The massacre perpetrated by Omar Mateen at a gay club in Orlando, Fla., which left 50 dead and 53 wounded, means Islamic attacks have now killed twice as many Americans as right-wing terror groups since Sept. 11, 2001.
Data from New America’s International Security Program shows that since 9/11, far-right-wing attacks have killed a total of 48 people, while violent jihadi attacks have resulted in the deaths of 45 people.
That latter figure completely changed as of early Sunday morning, when Mateen launched a devastating attack on Pulse nightclub.
Given the extent of the injuries, authorities expect that number to climb.
The updated figure means that since 9/11, violent jihadi attacks have killed at least 95 people, which is now nearly double the number committed by far-right-wing groups or individuals. The data lists the San Bernardino shooting and the attack in Chattanooga, Tenn., as the two most recent violent jihadi attacks. In the San Bernardino case, terrorists killed 14. In the Chattanooga case, the gunman killed five.
On the other side, the project counts the attack on the Planned Parenthood in Colorado as an instance of right-wing violence, where three individuals were killed. It also counts the Charleston Church shooting by Dylann Roof, where nine church-goers were gunned down.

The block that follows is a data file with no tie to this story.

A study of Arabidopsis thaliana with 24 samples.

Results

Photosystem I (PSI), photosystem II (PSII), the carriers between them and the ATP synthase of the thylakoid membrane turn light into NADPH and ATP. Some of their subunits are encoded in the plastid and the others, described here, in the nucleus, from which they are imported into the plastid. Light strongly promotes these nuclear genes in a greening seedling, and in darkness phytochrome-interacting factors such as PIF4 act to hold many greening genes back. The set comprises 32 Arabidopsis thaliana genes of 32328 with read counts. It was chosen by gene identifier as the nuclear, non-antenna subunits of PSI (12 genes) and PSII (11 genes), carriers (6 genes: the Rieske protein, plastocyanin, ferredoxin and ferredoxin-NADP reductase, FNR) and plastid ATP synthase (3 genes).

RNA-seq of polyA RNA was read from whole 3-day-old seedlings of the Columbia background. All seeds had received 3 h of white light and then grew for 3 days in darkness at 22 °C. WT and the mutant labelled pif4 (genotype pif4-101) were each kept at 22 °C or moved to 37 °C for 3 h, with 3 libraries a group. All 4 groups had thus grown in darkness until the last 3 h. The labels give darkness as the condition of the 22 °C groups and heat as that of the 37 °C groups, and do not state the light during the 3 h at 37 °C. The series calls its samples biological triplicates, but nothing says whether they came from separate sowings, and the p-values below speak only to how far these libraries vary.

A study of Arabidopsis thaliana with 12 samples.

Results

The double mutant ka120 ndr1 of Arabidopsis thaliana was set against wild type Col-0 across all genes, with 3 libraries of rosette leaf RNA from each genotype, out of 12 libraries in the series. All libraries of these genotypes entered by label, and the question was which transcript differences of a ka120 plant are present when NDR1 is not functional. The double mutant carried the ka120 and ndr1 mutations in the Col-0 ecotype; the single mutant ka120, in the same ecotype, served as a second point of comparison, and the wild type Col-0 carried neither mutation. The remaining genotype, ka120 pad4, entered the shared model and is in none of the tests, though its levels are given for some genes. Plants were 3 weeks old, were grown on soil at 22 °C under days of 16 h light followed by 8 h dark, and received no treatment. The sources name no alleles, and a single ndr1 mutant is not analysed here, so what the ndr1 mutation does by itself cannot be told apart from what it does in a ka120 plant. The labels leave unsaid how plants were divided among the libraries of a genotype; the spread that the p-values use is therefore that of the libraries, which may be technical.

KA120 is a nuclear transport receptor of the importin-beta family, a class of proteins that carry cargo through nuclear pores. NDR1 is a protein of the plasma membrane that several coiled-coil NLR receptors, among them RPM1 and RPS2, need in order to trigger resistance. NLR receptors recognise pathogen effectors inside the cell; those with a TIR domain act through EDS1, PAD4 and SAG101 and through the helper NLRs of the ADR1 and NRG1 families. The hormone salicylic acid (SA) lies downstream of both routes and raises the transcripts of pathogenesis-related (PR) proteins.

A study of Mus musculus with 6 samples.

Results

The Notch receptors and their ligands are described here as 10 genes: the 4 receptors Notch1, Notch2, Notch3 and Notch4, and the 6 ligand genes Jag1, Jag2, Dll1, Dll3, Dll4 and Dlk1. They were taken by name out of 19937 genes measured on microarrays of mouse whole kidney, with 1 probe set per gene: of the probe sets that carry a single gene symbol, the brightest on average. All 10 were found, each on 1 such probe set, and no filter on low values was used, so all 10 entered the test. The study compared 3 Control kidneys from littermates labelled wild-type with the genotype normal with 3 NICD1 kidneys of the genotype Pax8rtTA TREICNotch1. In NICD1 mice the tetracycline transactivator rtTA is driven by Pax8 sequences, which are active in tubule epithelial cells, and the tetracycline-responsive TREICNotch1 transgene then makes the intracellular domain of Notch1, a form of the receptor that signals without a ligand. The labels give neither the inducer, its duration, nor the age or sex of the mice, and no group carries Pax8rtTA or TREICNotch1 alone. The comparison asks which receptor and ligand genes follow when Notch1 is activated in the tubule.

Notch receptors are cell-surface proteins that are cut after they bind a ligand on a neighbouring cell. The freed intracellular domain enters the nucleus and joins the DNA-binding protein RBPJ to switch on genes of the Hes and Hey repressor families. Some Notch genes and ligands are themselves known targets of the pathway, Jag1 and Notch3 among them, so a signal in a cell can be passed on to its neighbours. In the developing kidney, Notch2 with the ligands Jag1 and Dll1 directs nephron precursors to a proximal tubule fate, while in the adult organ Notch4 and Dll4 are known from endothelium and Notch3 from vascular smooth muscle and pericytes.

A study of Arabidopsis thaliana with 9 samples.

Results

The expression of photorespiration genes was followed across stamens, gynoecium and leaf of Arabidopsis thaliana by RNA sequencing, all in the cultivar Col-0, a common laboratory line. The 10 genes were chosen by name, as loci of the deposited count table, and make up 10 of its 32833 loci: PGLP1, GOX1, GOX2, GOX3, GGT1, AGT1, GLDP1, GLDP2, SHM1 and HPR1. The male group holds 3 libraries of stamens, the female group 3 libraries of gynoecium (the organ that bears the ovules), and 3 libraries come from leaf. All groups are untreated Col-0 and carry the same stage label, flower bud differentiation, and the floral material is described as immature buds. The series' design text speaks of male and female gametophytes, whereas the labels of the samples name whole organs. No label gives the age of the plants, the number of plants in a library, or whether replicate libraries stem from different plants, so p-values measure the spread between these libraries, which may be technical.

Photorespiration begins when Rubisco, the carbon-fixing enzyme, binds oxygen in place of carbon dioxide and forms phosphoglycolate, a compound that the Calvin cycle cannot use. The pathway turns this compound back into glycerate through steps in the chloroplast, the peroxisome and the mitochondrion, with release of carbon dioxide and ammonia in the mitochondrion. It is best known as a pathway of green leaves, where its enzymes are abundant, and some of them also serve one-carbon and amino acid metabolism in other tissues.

This data does not even take into account the difference between absolute and relative numbers, which is remarkable, given that Muslims constitute an incredible small percentage of the overall population in the United States.
While full confirmation of Mateen’s links to Islamic terror have not been issued yet, the FBI has stated that evidence suggests Mateen does have links to Islamic extremism.
FBI Special Agent Ron Hopper said in a press conference, “We do have suggestions that that individual may have leanings towards that, that particular ideology [Islamic extremism]. But right now we can’t say definitively, so we’re still running everything around.”
Additionally, a senior law enforcement source told The Daily Beast that the FBI had already looked into Mateen’s connections in the past to Islamic extremism, once in 2013 and once in 2014.
Mateen has also bragged about “having ties to terrorist organizations.”
Still, Mateen’s father is insisting that religion had nothing to do with the attack, also adding in the same breath that a possible motive may have been Mateen’s absolute outrage at two men kissing.